It does pack some unique features, though, amongst the Netgear stable.
The first is ReadyShare Cloud, which allows you to access files on a hard drive that's hooked up to the router via the internet, using the web, iOS or Android devices.
It also supports Time Machine backups, and has a dedicated video mode for the 5GHz network, which uses a different algorithm in order to reduce jitter and packet loss. If you solely intend to use 5GHz for video, then this could help.
While it will automatically select wireless channels for you, like the WNDR4500, here you can set the sensitivity in switching to clear channels between low, middle and high.
Specs at a glance
|Highest wireless security||WPA2|
|Ethernet ports||4x gigabit, 1x gigabit WAN|
|USB print sharing/storage||Storage, printer|
|Accessories||Ethernet cable, installation CD|
Gigabit WAN ensures that this router should stay future-proofed for a little while to come, along with four gigabit Ethernet ports. A single USB 2.0 port supports storage and printer access. The WNDR3800 can share attached storage via SMB, HTTP and FTP, and is made visible to DLNA-compatible clients. It can also use Netgear's ReadyShare Cloud, making files available across the net via Netgear's own dynamic DNS service.
Power switch, power jack, 4x gigabit Ethernet ports, gigabit WAN, USB 2.0 port.
UI and features
Netgear's UI has been completely remade, in part to mimic its "Genie" software that it supplies for the desktop. Effort has gone into making things easier to read, in order to provide "at a glance" information, although graphics have been severely over-optimised and dithered over.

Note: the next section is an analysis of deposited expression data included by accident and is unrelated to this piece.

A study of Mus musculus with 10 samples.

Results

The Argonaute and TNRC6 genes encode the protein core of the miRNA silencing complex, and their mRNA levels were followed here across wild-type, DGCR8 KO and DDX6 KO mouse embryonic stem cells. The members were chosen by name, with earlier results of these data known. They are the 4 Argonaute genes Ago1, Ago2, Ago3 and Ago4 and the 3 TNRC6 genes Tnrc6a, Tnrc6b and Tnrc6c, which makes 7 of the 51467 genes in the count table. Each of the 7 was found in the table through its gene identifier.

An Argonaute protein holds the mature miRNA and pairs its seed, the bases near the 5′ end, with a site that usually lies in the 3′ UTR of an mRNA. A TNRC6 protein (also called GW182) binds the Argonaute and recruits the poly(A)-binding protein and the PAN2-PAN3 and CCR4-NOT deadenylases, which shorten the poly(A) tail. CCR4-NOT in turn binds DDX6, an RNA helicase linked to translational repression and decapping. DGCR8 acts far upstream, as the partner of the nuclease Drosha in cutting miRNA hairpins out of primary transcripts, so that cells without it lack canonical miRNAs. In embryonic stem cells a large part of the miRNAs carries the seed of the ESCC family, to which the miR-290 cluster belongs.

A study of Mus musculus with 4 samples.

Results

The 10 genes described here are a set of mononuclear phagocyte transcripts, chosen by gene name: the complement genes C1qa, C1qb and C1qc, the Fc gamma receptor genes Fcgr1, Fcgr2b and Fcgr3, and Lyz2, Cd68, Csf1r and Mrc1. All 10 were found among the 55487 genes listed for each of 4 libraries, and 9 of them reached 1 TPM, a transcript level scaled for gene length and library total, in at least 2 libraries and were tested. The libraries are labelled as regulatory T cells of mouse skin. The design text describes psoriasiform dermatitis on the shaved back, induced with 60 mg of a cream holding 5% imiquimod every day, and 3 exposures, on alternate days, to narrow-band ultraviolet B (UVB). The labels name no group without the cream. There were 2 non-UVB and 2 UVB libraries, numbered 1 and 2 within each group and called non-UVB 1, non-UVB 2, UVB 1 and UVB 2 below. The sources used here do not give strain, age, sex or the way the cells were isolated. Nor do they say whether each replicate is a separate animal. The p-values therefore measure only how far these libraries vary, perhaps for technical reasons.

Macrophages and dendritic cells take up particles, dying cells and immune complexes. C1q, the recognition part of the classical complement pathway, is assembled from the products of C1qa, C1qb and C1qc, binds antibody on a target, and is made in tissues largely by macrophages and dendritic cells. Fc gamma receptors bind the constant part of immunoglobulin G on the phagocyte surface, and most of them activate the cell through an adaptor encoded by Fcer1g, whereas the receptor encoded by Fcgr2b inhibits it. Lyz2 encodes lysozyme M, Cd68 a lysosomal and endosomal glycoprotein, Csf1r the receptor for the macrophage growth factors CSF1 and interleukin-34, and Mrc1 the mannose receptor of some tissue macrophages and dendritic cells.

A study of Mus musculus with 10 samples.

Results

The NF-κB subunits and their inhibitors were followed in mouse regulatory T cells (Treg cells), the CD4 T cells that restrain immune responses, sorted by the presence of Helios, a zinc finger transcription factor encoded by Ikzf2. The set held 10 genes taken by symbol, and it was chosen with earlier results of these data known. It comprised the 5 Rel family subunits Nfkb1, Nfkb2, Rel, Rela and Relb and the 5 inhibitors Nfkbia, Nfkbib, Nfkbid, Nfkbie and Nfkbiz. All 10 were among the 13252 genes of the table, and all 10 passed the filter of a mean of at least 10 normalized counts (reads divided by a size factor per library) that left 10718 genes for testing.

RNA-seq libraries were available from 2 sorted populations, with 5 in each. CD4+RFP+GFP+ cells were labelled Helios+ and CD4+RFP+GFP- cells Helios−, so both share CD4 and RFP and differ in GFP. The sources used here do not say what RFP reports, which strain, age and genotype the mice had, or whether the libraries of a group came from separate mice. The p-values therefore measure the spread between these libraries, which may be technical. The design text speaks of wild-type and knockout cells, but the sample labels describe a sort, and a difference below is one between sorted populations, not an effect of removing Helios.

Netgear now places its help in a bar along the bottom — click and it pops up, overlaying the settings screen. While the help is related contextually to the current screen, there are huge amounts of information here, with only a tiny viewing box, resulting in a massive scroll bar.
The separation into "Basic" and "Advanced" settings is expected; however, Netgear hasn't really thought things through, providing an "Advanced Setup" section within the advanced tab. We can only assume that it's for advanced-advanced users. Similarly, we're at a lost as to why "Setup Wizard" is in the advanced section, or why you have to bounce between two different sections to access all of the wireless settings.
In a disturbing trend for Netgear, changing settings can involve anything up to a 45-second wait, as the entire router is rebooted. This is utterly mindless; if you change a wireless setting, all of your wired users get booted as a result. Whether it's a chipset or a UI issue, this is unacceptable.
Netgear's new UI is OK, but badly organised. The 45-second wait to apply settings is also incredibly frustrating, and is even longer on lower-powered devices.
(Screenshot by CBS Interactive)
Being a top-level router, features are reasonable. From right within the interface, you can set the MAC address, for instance. Address reservation is in here, and, interestingly, you can control your upstream bandwidth — although not on a per-user level.